Parliament House, broken

Our parliamentary system is broken

Australia’s parliamentary system of government is broken.

It’s not just me saying it, but an expert review.

And there’s a way to fix it.

What’s wrong

An expert report has identified three key areas that are broken.

1. Weak policy-making

Australian governments are not making important policy decisions needed to keep Australia abreast of current issues. Decisions are being shelved or delayed for three main reasons.


In the past, notably in the 1980’s and 1990’s, important and difficult policy decisions were made even though they weren’t always popular. Politicians explained why they were in the public interest. But in the past decade or two, unpopular but needed policies were indefinitely deferred because politicians are now too timid.

Party and factional loyalties

Decisions that challenged beliefs that mark party or factional loyalties have rarely been made.

Vested interests

Powerful vested interests often blocked reforms, although if substantial independent public evidence was available the reforms have sometimes been made despite vested interests.

2. Biased and ineffective media

Australia’s mainstream media tend to be in decline, with reduced resources for thoughtful reporting of issues and expert journalism. And much of the media is “hyper partisan”. As a result, the Australian public is not kept well-informed, and often the “news” is partisan misinformation. This means politicians are not effectively held to account.

3. Poor advice to parliament

The Public Service is supposed to be politically neutral, providing objective expert advice to parliament. But over the years:

  • the Public Service has been weakened and stripped of much of its expertise and neutrality,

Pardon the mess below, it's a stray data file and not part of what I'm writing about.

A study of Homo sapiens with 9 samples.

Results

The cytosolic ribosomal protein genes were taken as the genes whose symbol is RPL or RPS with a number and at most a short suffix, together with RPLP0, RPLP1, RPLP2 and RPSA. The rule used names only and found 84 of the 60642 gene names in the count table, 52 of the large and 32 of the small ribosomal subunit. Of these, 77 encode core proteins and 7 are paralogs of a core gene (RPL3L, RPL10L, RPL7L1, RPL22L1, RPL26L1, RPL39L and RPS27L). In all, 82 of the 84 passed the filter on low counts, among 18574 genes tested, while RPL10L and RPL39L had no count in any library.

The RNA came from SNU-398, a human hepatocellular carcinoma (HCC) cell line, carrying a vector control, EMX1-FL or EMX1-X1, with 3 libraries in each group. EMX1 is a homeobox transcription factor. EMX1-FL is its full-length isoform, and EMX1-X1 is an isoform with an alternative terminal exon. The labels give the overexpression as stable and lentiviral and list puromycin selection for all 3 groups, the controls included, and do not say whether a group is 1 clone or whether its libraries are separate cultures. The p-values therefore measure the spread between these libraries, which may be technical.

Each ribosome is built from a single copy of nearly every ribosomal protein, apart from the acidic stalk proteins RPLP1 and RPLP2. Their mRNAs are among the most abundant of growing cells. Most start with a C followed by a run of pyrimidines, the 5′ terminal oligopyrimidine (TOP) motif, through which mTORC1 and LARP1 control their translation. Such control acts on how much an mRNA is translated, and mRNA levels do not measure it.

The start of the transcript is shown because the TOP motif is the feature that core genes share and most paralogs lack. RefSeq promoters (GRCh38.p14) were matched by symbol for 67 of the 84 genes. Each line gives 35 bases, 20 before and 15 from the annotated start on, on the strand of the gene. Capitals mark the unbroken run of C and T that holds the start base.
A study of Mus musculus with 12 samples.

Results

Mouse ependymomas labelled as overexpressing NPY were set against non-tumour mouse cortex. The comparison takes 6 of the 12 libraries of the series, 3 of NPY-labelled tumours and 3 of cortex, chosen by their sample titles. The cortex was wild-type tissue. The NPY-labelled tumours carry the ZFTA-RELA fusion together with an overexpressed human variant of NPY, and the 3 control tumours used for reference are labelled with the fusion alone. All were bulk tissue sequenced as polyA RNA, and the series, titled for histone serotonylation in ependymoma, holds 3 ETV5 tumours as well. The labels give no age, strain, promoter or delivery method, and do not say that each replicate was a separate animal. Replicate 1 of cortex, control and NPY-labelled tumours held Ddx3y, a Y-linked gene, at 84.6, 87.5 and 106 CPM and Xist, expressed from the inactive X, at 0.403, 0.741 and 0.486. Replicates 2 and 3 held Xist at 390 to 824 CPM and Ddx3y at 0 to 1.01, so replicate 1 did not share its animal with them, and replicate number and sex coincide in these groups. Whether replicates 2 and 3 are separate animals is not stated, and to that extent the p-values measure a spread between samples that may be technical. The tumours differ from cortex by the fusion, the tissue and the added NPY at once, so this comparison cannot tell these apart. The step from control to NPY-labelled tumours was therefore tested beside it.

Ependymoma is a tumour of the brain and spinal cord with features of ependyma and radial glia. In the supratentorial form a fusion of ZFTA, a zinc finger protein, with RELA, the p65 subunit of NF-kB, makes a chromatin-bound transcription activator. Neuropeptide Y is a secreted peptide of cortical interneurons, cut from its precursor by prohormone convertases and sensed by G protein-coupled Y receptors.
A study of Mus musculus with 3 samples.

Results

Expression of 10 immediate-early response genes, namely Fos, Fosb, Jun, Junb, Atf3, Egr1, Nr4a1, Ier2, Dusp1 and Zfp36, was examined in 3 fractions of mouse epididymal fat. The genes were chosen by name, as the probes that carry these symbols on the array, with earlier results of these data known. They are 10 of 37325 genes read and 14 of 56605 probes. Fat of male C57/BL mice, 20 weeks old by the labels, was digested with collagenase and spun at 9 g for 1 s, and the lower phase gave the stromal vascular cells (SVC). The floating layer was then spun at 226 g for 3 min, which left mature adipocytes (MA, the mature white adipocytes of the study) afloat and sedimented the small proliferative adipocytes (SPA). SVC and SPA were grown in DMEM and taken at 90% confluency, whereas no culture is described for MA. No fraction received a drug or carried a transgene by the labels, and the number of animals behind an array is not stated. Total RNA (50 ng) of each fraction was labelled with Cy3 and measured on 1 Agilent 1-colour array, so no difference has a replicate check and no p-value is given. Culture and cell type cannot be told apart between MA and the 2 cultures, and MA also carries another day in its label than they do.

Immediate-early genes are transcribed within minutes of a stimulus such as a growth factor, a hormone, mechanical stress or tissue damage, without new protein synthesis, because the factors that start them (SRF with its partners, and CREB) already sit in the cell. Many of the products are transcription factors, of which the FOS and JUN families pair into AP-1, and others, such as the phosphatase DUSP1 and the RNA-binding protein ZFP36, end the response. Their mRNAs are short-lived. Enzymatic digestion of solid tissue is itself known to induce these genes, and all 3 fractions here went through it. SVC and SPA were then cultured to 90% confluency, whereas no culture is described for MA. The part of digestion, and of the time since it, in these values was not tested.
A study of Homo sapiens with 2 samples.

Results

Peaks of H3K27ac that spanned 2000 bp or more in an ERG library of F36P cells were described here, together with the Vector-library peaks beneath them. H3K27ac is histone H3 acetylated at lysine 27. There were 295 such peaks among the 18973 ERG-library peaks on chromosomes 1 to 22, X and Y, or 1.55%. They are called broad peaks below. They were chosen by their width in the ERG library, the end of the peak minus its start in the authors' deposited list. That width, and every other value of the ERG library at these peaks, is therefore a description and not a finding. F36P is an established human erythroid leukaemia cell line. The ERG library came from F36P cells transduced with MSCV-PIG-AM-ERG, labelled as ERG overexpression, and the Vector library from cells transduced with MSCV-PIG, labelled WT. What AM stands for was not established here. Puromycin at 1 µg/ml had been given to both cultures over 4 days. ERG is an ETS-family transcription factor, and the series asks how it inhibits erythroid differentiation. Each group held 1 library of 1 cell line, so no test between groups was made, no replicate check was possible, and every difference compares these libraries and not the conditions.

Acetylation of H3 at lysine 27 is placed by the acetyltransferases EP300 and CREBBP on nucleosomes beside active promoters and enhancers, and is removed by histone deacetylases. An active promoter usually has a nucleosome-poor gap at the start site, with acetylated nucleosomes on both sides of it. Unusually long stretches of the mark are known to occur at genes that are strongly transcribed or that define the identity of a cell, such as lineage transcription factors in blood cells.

• political patronage has led to appointments and contracts being given to partisan friends, and
  • partisan ministerial advisors provide advice that often negates the expert and neutral advice from the Public Service.

Parliamentarians are no longer so well-informed, leading too often to partisan rather than fact-based decisions.

The solution?

With both major parties blocking institutional changes, our parliament is in gridlock. The solution, the “most politically realistic path” according to this expert review, is to elect independent members of parliament who hold the balance of power and champion important institutional changes.

The report

This report is Gridlock: Removing barriers to policy reform, published this month by the Grattan Institute.

The Grattan Institute is an independent and politically non-aligned research body established in 2008. It is partly funded by a $34 million endowment, with major contributions from the Australian Federal Government, the State Government of Victoria, the University of Melbourne and BHP Billiton.

The Gridlock: Removing barriers to policy reform report was written John Daley, who has a DPhil in public law from Oxford University, and has worked in academia, government, consulting and for a major bank.

The take home message?

We all know this is true. Our parliament isn’t acting in the best interests of Australia.

Climate change is the perfect, and terrible, example. Everyone (with a few exceptions!) knows we need to act now. The Australian people want the government to act. But a weak Prime Minister, a blindly foolish National Party and a timid Opposition combine to continually fall short.

For mine, the take-home message is obvious.


We need to elect a community independent at the next federal election. Not from one of the major parties, as they will be forced to follow the party line, thus further entrenching the problems outlined in this report. And not a representative who looks backwards to the past, or follows discredited conspiracy theories, but someone who looks to the best for the future of Australia and the electorate of Hughes.

Photo of Australia’s Parliament House by Thennicke on Wikipedia, altered by me.